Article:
Millie, a local-girl-done-good, returns to her Cape Cod hometown to start her career as a doctor--and, if being perfectly honest, to also secure some true love and romance with her childhood crush, Joe. Plus, she hopes to set up her freshly divorced former-brother-in-law Sam with her happily-divorced BFF Katie. Of course, what goes on in Millie's head has no bearing on what happens in reality, and while the book ends with a wedding, it's NOT one of the specified couples.
I needed to read something light and fluffy, and I had hoped that Fools Rush In
would be just what I was looking for. I liked the summery atmosphere, the baseball games and tourists and dinner & drinks at the local dives. Unfortunately, the story and the main characters didn't work for me, and it wasn't as funny as other Kristan Higgins books I've read.
I really liked the friendship between Millie and her best friend Katie, because it was something I rarely encounter presented in an angst-free way in books: a friendship between a single, childless woman and a divorced woman who's single-parenting two small children. There's no drama in terms of the life differences between Millie and Katie, and no angst over whether a mom and a non-mom can be good friends: just demonstrations of the two of them making their friendship part of their ongoing lives. The friendship wasn't all sparkles and butterflies, however, and I was quite impressed by Katie's maturity and willingness to confront (and forgive) Millie in regard to Millie's unwelcome and offbase meddling. I liked that, eventually, Millie's childish matchmaking was not tolerated by the characters as something cute, but as seriously annoying, and an example of Millie's inability to actually see and know even her best friends well.
Unfortunately, while I liked that real-world and interesting and consequential spin on delusional/meddling matchmaking (a common enough chick lit trope), Millie's characterization in that dynamic is pretty much her personality in a nutshell, and the major source of my frustrations with the book. She's childish and annoying, and she's unable to actually see and know even her best friend well. This from a woman who's just completed her med school residency and turns 30 during the course of the book. Millie's terrifying stalker-crush on the town's golden boy was ridiculous, and even though it was played for humor, I didn't find anything enjoyable or even patronizingly charming about it. Mostly, I was dismayed to think that such a delusional and childish woman was out in the world practicing medicine.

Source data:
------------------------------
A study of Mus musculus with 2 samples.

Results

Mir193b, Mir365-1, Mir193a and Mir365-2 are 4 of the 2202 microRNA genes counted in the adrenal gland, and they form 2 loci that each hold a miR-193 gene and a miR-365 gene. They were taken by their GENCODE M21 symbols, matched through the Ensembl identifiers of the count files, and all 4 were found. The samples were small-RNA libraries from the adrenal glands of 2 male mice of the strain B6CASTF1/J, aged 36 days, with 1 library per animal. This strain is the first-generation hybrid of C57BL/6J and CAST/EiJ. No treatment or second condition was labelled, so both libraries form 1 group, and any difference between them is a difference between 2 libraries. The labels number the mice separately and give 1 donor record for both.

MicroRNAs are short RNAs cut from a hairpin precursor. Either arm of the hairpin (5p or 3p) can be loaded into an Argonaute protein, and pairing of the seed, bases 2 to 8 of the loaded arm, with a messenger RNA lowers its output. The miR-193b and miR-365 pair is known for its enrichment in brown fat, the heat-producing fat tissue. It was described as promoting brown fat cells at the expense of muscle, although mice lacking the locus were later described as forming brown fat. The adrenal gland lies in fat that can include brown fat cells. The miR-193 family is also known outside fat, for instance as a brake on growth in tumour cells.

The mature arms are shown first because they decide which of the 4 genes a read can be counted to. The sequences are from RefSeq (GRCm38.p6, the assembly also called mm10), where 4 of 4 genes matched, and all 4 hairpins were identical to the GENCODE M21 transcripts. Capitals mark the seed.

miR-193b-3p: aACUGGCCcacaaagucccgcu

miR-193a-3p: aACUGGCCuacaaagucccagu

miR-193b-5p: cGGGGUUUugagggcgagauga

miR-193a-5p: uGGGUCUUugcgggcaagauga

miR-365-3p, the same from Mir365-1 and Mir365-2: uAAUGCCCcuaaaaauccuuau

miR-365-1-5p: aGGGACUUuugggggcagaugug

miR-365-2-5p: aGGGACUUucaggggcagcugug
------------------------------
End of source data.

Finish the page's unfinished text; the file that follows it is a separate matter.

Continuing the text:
Even though the narrative, and Millie herself, eventually, seems to understand just how immature Millie is being, it's too little too late. It's not until nearly the end of the book that Millie actually sees her behavior as delusional:
I was like some poor adolescent girl who was in love with a movie star or singer, assigning all kinds of qualities to a pretty face. "And then, someday, our eyes will meet at a concert, and we'll just know that we're right for each other..."
That's the realization that comes three-fourths of the way through the book. THREE-FOURTHS. Even with her very minimal background in romance and relationships, it's kind of frustrating that it takes three-fourths of a book for a thirty-year-old woman to recognize she has an adolescent crush.
I could deal with a frustrating and immature character, but the romance aspect of this book only compounded my frustration. I didn't buy the whole in-love-with-the-ex-brother-in-law aspect. There are a couple issues at work here. First, I had a problem knowing that Higgins does this relationship (falling in love with a sibling's ex, or falling in love with sibling of former husband, etc.) in a few of her books, and just feeling personally squicked by that repeated relationship type. I know, there's no actual incest involved, but it still makes me uncomfortable. Decades of a brotherly-sisterly relationship turning into a romantic/sexual relationship didn't sit well with me, and though I appreciated that Millie struggled with it, I was still boggled by how fast it was reconciled. Second, with so little time devoted to the fallout of Millie and Sam actually acting on their feelings for each other, there's no actual show-not-tell of how they managed to get over the uncomfortableness of the situation. It's mainly told in exposition. Millie's infatuation with the false golden boy Joe was so, so less interesting than Millie and Sam's situation but dominated the page count of the book, yet there was so little "screen time" devoted to showing Millie and Sam dealing with the hard and complicated (and, well, squicky to me) aspects of their relationship. (Plus, Sam was too perfect and too put-upon. I know, it's a first-person chick lit sort of book, it's not unusual for the male lead to be less than well-rounded. But still. Being told over and over how perfect Sam was and how everybody loved him, it didn't give me a good idea of what he was like.)
Between Millie's dippiness and over-the-top stalking and delusional nature, the unengaging romance, the stereotypical gay friends, and the lack of hilarity I associated with other reads from Higgins, I just didn't enjoy my time with this one.